Standing up: Cricketer Lungi Ngidi shows his support for the Black Lives Matter movement. Picture: AFP via Getty/Christiaan Kotze
Standing up: Cricketer Lungi Ngidi shows his support for the Black Lives Matter movement. Picture: AFP via Getty/Christiaan Kotze

No-one remembers the name of the book Russian physiologist Ivan Pavlov wrote. Sure, everyone remembers the dog that, after a lot of training, drooled every time it heard a bell, which meant dinner was coming.

But the book? Anyone?

It was called Conditioned Reflexes: An Investigation of the Physiological Activity of the Cerebral Cortex. Not a title that trips easily off the tongue, but one that, having learnt (maybe with the help of a bell), you’re not likely to forget in a hurry.

The response from certain former players to Proteas cricketer Lungi Ngidi’s call for cricket to stand with the Black Lives Matter (BLM) movement was a textbook case of conditioned reflexes.

A (black) cricketer says it’s time for cricket, its governing body — Cricket SA — and sport generally to support the movement making the walls tremble in cities around the world. The reflex from (white) former Proteas players Boeta Dippenaar and Pat Symcox is straight out of the Pavlovian handbook. Dippenaar’s grumpy Facebook post that BLM has become "nothing more than a leftist political movement" ended with him lecturing Ngidi for not taking a stand on farm murders: "All lives matter. If you want me to stand shoulder to shoulder with you, Lungi, then stand shoulder to shoulder with me with regards to farm attacks." Symcox called Ngidi’s stance "nonsense" and a "dog and pony show with cricket being dragged through the mud".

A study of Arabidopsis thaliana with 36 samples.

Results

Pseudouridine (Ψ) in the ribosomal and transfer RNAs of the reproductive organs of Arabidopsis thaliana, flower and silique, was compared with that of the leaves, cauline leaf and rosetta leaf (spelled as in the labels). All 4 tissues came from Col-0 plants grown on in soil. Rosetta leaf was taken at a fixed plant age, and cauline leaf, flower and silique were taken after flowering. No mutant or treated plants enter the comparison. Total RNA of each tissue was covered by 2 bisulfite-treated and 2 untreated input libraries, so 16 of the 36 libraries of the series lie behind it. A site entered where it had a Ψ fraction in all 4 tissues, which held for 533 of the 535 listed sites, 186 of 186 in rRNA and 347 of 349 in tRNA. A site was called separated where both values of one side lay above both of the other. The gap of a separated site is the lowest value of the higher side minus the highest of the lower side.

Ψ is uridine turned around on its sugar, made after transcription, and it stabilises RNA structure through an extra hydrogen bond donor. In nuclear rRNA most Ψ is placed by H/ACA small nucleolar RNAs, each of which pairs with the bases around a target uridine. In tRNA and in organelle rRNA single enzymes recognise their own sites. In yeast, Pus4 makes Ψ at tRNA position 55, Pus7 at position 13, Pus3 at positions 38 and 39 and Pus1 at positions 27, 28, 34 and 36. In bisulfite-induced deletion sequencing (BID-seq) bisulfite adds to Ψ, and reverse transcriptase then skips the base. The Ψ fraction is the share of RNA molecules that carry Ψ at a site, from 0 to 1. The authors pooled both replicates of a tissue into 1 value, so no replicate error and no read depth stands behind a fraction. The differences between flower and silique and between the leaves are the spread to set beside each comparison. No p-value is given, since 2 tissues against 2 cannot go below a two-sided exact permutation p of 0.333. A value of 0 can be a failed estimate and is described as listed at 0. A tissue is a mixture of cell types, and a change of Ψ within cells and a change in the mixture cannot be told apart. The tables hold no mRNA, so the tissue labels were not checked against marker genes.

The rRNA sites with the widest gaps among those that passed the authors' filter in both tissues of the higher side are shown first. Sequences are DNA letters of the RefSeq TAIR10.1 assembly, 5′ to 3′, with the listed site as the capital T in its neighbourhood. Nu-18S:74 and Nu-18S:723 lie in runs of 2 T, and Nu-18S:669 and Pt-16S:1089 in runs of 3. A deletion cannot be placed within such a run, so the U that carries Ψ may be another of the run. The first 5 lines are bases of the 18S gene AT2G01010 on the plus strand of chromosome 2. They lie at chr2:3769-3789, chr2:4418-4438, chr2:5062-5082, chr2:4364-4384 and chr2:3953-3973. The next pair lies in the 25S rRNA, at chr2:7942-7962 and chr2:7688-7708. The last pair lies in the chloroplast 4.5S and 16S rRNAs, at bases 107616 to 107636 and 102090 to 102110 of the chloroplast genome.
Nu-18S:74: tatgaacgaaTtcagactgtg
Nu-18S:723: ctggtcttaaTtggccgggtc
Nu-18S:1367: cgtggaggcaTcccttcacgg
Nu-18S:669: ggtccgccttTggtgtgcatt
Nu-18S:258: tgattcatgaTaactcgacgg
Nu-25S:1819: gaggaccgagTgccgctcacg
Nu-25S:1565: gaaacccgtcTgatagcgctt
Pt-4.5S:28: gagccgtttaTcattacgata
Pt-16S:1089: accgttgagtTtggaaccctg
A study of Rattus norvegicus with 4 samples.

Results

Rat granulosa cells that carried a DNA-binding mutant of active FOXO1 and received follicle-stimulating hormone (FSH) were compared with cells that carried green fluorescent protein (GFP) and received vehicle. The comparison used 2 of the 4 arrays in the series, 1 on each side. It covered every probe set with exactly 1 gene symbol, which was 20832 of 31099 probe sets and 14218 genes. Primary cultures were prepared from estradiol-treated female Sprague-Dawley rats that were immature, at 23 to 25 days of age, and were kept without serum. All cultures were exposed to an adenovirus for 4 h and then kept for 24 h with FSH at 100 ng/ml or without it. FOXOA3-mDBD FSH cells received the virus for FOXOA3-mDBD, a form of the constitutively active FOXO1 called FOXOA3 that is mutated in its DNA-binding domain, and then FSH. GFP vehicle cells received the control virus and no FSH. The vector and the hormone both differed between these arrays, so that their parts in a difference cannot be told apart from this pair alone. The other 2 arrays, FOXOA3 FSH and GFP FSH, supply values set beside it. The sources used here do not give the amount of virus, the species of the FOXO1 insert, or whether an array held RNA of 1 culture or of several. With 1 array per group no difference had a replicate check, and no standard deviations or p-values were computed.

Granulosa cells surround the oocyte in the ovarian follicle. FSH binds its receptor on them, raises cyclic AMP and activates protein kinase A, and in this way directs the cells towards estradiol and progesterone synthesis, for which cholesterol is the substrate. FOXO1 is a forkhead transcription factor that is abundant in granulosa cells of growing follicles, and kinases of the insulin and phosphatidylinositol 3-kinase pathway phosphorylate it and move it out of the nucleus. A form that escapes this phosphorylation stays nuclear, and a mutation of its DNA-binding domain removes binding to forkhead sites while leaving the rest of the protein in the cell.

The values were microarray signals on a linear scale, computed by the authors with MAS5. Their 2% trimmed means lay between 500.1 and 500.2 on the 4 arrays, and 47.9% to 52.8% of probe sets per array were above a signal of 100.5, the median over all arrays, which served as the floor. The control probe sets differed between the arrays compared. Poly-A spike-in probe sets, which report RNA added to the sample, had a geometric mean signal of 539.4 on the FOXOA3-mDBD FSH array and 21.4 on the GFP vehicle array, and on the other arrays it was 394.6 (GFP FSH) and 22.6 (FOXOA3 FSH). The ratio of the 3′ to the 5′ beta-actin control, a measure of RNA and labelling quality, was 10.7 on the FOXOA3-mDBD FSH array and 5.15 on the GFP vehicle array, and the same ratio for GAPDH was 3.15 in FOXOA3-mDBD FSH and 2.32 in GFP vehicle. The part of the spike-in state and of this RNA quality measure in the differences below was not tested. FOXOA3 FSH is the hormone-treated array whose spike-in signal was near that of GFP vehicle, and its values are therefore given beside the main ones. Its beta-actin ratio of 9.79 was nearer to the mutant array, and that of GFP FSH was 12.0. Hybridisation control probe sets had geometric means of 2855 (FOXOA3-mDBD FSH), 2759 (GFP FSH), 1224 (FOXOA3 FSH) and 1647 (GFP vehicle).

You can just see the admonishing finger emoji castigating Ngidi for not picking every cause that cries out for the protection of human life.

Just because Ngidi has called on the sport to stand with the BLM movement doesn’t mean that he doesn’t care about white farmers being murdered.

Logic, the batsman, was bowled out for a duck.